President Obama caps student loan payments
President Obama signed a Memorandum in order to reduce the burden of student loan debt in the East Room of the White House on June 9, 2014.
By Clifton Andrews
Earlier this year, President Obama stated in his 2014 State of the Union that 2014 would be a “year of action” to ensure opportunity for all Americans. One such action that has been a center for both relief and controversy has been the Presidential Memorandum on student loans.
President Barack Obama officially signed the Presidential Memorandum to help struggling federal student loan borrowers manage their debt, on June 9, 2014. The Memorandum itself presents several executive actions that will help cap student loan payments by 10 percent of their monthly income.
This memorandum comes as a relief to the 71 percent of graduates who graduate with bachelor’s degrees and an average of $29,400 in debt. Therefore, this would decrease the minimum amount of money that borrowers would have to pay. In other words, those who cannot afford payments of more than 10 percent of their monthly income would no longer have to, relieving them financially.
However, those who can afford to pay would still be allowed to, showing that the memorandum was truly made to help the 71 percent that are struggling with their debt without hurting the 29 percent that are not.
This memorandum also comes as a relief to both potential college students and graduates. Potential college students would able to apply freely without the fear of a huge college debt looming over them after they graduate. At the same time, potential college graduates would be able to study without the constant pressure to graduate into a high paying job, in order to avoid transitioning into massive debt. This would basically increase the affordability of college altogether and allow more people to attend college without financial fear or restriction.
However, this Presidential Memorandum still has a long way to go before it actually helps anyone. While the Memorandum is an official government document, it is not an official law capping student loan payments. Since the Memorandum is a series of executive actions that will be taken by the Secretary of Education, there is no guarantee that the memorandum will accomplish its goal. Even if the Secretary does all of the actions in the memorandum, there is no guarantee that these actions will automatically have the intended result.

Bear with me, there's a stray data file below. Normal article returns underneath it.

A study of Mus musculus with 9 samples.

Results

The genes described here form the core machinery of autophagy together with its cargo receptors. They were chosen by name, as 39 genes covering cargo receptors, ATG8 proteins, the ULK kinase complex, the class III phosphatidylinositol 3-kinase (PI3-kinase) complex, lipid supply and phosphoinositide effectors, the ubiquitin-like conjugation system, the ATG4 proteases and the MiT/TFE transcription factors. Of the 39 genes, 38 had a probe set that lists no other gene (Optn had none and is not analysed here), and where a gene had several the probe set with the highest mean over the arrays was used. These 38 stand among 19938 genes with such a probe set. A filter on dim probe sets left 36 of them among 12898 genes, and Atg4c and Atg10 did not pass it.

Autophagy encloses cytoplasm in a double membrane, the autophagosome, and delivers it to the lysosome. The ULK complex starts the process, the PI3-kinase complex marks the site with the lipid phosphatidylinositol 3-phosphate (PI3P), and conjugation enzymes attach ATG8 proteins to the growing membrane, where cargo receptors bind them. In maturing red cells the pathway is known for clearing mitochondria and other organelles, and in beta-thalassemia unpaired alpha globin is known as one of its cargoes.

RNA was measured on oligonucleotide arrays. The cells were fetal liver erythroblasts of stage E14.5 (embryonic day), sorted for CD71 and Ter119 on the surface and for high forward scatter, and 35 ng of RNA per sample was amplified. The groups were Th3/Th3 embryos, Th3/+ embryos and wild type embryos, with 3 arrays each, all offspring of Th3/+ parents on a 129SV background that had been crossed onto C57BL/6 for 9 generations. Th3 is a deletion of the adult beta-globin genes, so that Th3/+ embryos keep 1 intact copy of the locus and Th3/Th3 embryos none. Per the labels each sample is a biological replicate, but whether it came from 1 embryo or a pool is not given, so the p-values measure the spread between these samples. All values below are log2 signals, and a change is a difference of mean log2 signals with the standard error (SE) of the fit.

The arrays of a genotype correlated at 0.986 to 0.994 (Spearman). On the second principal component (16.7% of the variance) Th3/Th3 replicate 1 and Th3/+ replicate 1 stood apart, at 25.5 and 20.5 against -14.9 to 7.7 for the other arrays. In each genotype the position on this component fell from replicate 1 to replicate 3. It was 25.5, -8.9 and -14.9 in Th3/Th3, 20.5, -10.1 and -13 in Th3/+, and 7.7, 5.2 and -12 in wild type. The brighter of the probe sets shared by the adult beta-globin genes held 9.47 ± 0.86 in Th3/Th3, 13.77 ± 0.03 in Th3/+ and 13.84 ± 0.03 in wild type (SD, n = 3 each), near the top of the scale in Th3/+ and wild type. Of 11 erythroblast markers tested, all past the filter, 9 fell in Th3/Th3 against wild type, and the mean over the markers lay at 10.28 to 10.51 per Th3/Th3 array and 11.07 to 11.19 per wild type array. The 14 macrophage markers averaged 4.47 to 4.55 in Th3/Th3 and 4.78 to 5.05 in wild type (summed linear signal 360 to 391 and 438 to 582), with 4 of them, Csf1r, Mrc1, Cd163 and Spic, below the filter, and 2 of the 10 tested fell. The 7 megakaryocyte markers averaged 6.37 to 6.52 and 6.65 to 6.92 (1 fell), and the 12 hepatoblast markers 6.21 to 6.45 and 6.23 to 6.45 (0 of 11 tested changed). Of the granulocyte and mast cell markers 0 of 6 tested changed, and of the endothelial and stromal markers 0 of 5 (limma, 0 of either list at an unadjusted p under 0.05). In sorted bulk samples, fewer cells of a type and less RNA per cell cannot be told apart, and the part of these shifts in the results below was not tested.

There is actually a fair chance that Congress may not allow the Memorandum at all. Since the President used his executive authority in the Memorandum without the approval of Congress, Congress may decide to repeal the Memorandum or any of the actions in it. In addition, one of the executive actions the Secretary of Education must complete is to propose official regulations that would allow additional students who borrowed federal loans to cap their payments at 10 percent of their income. However, Congress may vote against the regulations that are proposed since the president has used his executive authority to go over their heads.
This makes the memorandum a controversial document as it almost bypasses the government’s system of checks and balances; it’s no wonder why Congress would be against it.
So while the principle of the Presidential Memorandum may provide considerable relief for millions of Americans, its actual practice may prove risky and controversial with or without its success.